Death and Other Details: Is SS Varuna a Real Cruise Ship?

Image Credit: Michael Desmond/Hulu

Hulu’s murder mystery series, ‘Death and Other Details’ follows the story of Imogene Scott, who becomes the only suspect in the murder of a wealthy man on a cruise ship. While she had been in the vicinity of the victim within a few minutes of his death, she didn’t kill him. To prove her innocence, she has to join forces with Rufus Cotesworth, a detective she hates because of his past transgressions. The ship provides an excellent setting for their investigation because it confines all suspects to one place where Cotesworth and Imogene can keep an eye on them. What makes the setting more interesting is that the ship in the show has the same name as a couple of real-life ships. SPOILERS AHEAD

SS Varuna Shares Its Name With Real Ships

In ‘Death and Other Details,’ everything is fictional. The show was created by Mike Weiss and Heidi Cole McAdams and plays along lines similar to Agatha Christie’s mystery. The writers poured their love for murder mysteries and whodunits into this story and have concocted a maze that keeps the audience guessing at every turn. The ship is an important part of the plot as opposed to simply being reduced to a setting.

There were at least two ships named Varuna in the United States Navy. One was a screw gunboat that sank to the bottom of the ocean in 1862. The other was a Portunus-class motor torpedo boat tender that was decommissioned in 1946 and sold for scraps. In the Hulu series, Sunil Bhandari, the owner of the cruise ship, reveals that the ocean liner was originally a ship from the 1940s. He took it as a personal project to rebuild and refurbish it and turn it into a luxury ship. It was the only way he could pull himself away from the heartbreak of a bad breakup. The 1940s detail puts the show’s ship in the same timeline as the real USS Varuna, which was decommissioned by the US Navy, but it could just be a coincidence.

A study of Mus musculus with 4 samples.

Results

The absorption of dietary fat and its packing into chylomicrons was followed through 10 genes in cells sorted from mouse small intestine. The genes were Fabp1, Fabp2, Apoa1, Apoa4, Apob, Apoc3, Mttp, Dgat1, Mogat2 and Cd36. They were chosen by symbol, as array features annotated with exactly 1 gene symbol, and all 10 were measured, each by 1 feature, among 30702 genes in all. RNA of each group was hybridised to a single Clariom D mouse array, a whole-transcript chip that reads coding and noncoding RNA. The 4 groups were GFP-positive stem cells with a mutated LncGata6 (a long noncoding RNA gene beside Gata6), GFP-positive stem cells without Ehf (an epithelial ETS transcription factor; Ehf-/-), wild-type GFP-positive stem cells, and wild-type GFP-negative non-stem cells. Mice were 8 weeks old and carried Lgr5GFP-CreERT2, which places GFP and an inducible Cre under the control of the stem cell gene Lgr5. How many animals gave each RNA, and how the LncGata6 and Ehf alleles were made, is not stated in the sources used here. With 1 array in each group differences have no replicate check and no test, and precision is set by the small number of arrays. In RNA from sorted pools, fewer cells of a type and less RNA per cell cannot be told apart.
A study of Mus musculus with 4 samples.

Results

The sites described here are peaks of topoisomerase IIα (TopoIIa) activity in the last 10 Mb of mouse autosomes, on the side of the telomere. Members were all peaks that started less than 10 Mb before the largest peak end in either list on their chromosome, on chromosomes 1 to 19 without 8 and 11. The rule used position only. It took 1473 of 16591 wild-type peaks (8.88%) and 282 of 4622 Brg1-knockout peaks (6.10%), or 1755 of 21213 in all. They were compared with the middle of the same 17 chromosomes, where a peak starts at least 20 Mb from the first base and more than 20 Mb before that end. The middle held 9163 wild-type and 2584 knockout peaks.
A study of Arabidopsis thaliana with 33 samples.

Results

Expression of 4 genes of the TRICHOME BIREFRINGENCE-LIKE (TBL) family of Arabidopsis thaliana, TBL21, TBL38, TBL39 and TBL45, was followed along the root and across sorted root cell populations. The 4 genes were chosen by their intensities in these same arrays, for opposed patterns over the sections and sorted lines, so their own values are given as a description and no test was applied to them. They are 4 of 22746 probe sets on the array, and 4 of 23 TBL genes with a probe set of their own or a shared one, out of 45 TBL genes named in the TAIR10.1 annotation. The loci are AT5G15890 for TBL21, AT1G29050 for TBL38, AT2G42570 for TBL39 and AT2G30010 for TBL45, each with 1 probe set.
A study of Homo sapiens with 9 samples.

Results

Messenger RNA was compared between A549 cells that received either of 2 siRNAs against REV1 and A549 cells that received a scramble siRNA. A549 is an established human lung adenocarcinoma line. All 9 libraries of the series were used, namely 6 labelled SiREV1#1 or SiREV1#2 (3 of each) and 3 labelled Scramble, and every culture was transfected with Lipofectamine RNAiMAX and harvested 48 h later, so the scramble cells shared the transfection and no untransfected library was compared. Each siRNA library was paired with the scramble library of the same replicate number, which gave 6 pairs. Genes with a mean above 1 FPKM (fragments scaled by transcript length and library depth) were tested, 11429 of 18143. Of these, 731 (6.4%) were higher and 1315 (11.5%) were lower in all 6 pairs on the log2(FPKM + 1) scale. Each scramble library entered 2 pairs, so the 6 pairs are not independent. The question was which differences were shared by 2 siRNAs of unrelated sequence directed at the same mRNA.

There are several reasons that the writers chose “Varuna” as the ship’s name, the most obvious of which is that the owner is of Indian descent. In Hindu mythology, Varuna is a god associated with the ocean. Consider him an equivalent of Poseidon from Greek mythology or Neptune from Roman mythology. It isn’t a surprise that Sunil would derive the name of his ship from a God. It not only sets it apart because “Varuna” is not a common name (outside of India, at least), but it also adds a personal touch that references his culture.

Another interesting thing about God Varuna is that he is associated with justice and truth, which is what Imogene and Cotesworth are after on the ship. Thus, the name of the ship is kind of an indication that the hidden truths will be revealed, justice will be found when the murders are solved, and Imogene and Cotesworth get the answers they’d been looking for all this time.